When two agencies amalgamated to form Child and Family Services of Grand Erie, CFSGE, it was sold with the promise that it would improve support for families. Two years later, that lie has been revealed as the agency announced layoffs and gapped positions that they have no plans to fill. All told, the agency will soon be down roughly 30 positions since they merged

“There were consultations with workers and community meetings, interviews with the media and press releases. And they all said the same thing: that combining agencies would improve services and better equip us to deal with the challenges families are facing. We’re about to lose a significant number of workers. How does that better serve our communities?” said Kathleen Webb, an access coordinator with more than 20 years’ experience and president of CUPE 7070 representing more than 200 frontline workers and support staff at CFSGE. “It’s time we recognize that what they sold us isn’t working. Instead of efficiencies, it’s been chaotic. Instead of cost savings, the management complement has increased and with new job titles come increased salaries. And instead of meeting the needs of community members, they’re stripping back services.”

CUPE 7070 ratified their first collective agreement in October. CFSGE is blaming workers and wages, in part, for the more than $3.35 million deficit and layoffs but the math doesn’t back their story.

Right now, there are six children and youth in CFSGE’s care that are being kept in unlicensed homes. Instead of a regulated treatment facility or licensed foster home, they spend their days and nights in hotels or motels. This can be dangerous for the children, youth, and staff – and it is incredibly expensive with additional staffing needed to keep the children and youth supervised and safe. This reliance on unlicensed homes alone costs the agency roughly $1 million a year, nearly enough to bridge the deficit.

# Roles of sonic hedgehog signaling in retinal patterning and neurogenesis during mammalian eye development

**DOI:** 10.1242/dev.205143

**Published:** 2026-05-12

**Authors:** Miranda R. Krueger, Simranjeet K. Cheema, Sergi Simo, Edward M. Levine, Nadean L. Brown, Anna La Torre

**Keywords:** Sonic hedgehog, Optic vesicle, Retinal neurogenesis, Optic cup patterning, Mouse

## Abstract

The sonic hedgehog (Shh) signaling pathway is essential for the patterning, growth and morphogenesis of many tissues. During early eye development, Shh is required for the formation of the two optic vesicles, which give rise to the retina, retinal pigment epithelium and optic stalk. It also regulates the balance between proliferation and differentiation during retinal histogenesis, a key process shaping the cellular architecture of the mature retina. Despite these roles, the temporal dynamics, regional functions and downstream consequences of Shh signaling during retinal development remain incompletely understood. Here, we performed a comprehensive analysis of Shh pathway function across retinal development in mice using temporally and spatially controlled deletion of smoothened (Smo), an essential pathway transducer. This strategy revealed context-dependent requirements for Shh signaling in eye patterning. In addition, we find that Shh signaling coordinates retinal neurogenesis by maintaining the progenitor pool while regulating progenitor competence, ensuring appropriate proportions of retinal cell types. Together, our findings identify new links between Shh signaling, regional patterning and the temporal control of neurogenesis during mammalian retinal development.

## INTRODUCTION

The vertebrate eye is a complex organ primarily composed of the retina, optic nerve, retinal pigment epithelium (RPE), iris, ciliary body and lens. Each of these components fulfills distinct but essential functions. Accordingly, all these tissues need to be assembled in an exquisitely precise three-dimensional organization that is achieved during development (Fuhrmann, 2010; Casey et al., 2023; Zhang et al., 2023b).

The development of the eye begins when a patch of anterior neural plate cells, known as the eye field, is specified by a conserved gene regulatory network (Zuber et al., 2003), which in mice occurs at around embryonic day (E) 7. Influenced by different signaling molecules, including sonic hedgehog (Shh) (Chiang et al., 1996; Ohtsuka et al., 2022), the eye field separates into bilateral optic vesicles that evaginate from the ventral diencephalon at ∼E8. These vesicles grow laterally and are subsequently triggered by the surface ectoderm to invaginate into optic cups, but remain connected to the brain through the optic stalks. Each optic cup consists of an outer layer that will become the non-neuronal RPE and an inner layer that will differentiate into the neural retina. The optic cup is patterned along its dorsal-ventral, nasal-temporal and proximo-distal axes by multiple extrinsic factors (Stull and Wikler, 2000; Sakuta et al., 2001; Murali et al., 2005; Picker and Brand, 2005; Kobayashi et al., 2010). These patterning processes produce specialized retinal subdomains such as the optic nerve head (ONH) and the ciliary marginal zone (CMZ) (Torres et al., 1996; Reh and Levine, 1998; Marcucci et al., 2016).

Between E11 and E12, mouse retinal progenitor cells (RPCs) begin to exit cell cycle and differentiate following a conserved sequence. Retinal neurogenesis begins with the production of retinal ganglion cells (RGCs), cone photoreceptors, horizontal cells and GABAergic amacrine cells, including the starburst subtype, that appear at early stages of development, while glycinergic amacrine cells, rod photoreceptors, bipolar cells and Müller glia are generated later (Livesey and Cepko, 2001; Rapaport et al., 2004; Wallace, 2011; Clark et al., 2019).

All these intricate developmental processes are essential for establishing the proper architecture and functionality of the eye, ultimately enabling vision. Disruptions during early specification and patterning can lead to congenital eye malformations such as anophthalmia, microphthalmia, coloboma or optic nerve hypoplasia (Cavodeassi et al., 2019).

Then there’s the question of targeted subsidies, which are stipends agencies provide to families whose income falls below a certain threshold. The Ministry of Children, Community, and Social Services only covers 25% of the subsidy. But CFSGE operates in a more depressed area and provides more subsidies than most agencies, costing hundreds of thousands of dollars that, if the government updated their funding model, could be better spent on services.

“Our employer talks about our manageable caseloads, but each case is a child or family in need that will have to be redistributed to another worker,” said Webb. “We’re seeing a workload crisis at nearly every child protection agency in the province. Now we’re watching management make cuts and we know the outcome. They’re going to create a crisis among workers here. What’s worse, they’re going to abandon families and children in need.”

CUPE 7070 is asking all community members and allies to send a message to the ministry, asking them to provide the additional funds needed to stave off layoffs. Visit https://cupe.ca/CFSGE to learn more.